Why You Might Want to Eat More of These Foods

As the body gets older, it starts to change. Even if you feel great and aren’t noticing any changes, they are surely happening. One that you can’t see, and may not necessarily feel, is how your body absorbs nutrients.

Many elderly Americans are deficient in vitamin B12. This is due to a host of issues, including malabsorption, reduced appetite, and other potential health problems. It can also be challenging to recognize because many of the symptoms feel like a part of “normal aging.” These can include fatigue, trouble walking, memory problems, to name a few. It’s estimated that up to 20-percent of Americans over age 50 are borderline deficient.


Over time, too little B12 can have more serious health implications like neurological disorders and blood diseases.

Finding ways to include more vitamin B12 in your diet is the best way to reduce the risk for a deficiency and potentially ease the aging process. It is highly available in these foods:

  • Sockeye salmon
  • Clams
  • Milk
  • Beef liver
  • Rainbow trout
  • Tuna
  • Crab
  • Nutritional yeast
  • Fortified cereal
  • Beef
  • Chicken

You’ll notice that there aren’t many plant-based foods on there, which can put vegetarians or vegans at higher risk for a B12 deficiency. For these people, supplementing is very important.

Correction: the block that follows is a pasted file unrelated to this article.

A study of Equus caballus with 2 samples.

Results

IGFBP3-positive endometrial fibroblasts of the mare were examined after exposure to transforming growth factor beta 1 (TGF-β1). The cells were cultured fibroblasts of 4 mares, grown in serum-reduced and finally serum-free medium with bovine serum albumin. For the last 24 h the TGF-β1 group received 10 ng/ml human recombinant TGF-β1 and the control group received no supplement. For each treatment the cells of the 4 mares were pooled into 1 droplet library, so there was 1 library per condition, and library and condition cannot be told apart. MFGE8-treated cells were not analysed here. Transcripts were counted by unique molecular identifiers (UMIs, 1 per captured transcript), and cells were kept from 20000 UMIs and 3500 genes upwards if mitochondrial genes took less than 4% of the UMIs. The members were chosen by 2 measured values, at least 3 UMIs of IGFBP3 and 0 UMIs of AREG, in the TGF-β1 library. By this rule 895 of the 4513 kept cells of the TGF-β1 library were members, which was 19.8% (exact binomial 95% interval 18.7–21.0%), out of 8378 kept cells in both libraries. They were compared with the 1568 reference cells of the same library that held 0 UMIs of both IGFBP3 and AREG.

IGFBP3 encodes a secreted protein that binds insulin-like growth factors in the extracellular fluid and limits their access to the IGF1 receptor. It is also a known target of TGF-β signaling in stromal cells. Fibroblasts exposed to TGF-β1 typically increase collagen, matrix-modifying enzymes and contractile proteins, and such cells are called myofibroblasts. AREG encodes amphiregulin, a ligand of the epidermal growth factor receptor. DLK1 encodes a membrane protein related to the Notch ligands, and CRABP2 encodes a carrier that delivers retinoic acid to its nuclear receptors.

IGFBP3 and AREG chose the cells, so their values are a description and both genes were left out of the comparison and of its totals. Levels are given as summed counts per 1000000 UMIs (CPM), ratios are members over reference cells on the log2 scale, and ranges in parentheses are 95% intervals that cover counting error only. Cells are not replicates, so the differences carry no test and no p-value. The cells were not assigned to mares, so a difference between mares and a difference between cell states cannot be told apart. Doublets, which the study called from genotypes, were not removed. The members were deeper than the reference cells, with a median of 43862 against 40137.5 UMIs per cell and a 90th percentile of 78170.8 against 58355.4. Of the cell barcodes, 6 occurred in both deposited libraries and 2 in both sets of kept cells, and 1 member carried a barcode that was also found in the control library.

For non-vegetarians and vegans, trying to include a serving of B-12 per meal can help. The recommended daily intake for vitamin B12 is 2.4 mcg per day, which would be only about 1.5 ounces of sockeye salmon. But because of potential absorption issues, eating a little bit more is recommended.

A vitamin B12 deficiency can creep up without you noticing, even if you think you’re eating enough rich sources.

The next time you see your doctor, have them check your B12.

Author Bio

Devon Andre has been involved in the health and dietary supplement industry for a number of years. Devon has written extensively for Bel Marra Health. He has a Bachelor of Forensic Science from the University of Windsor, and went on to complete a Juris Doctor from the University of Pittsburgh. Devon is keenly aware of trends and new developments in the area of health and wellness. He embraces an active lifestyle combining diet, exercise and healthy choices. By working to inform readers of the options available to them, he hopes to improve their health and quality of life.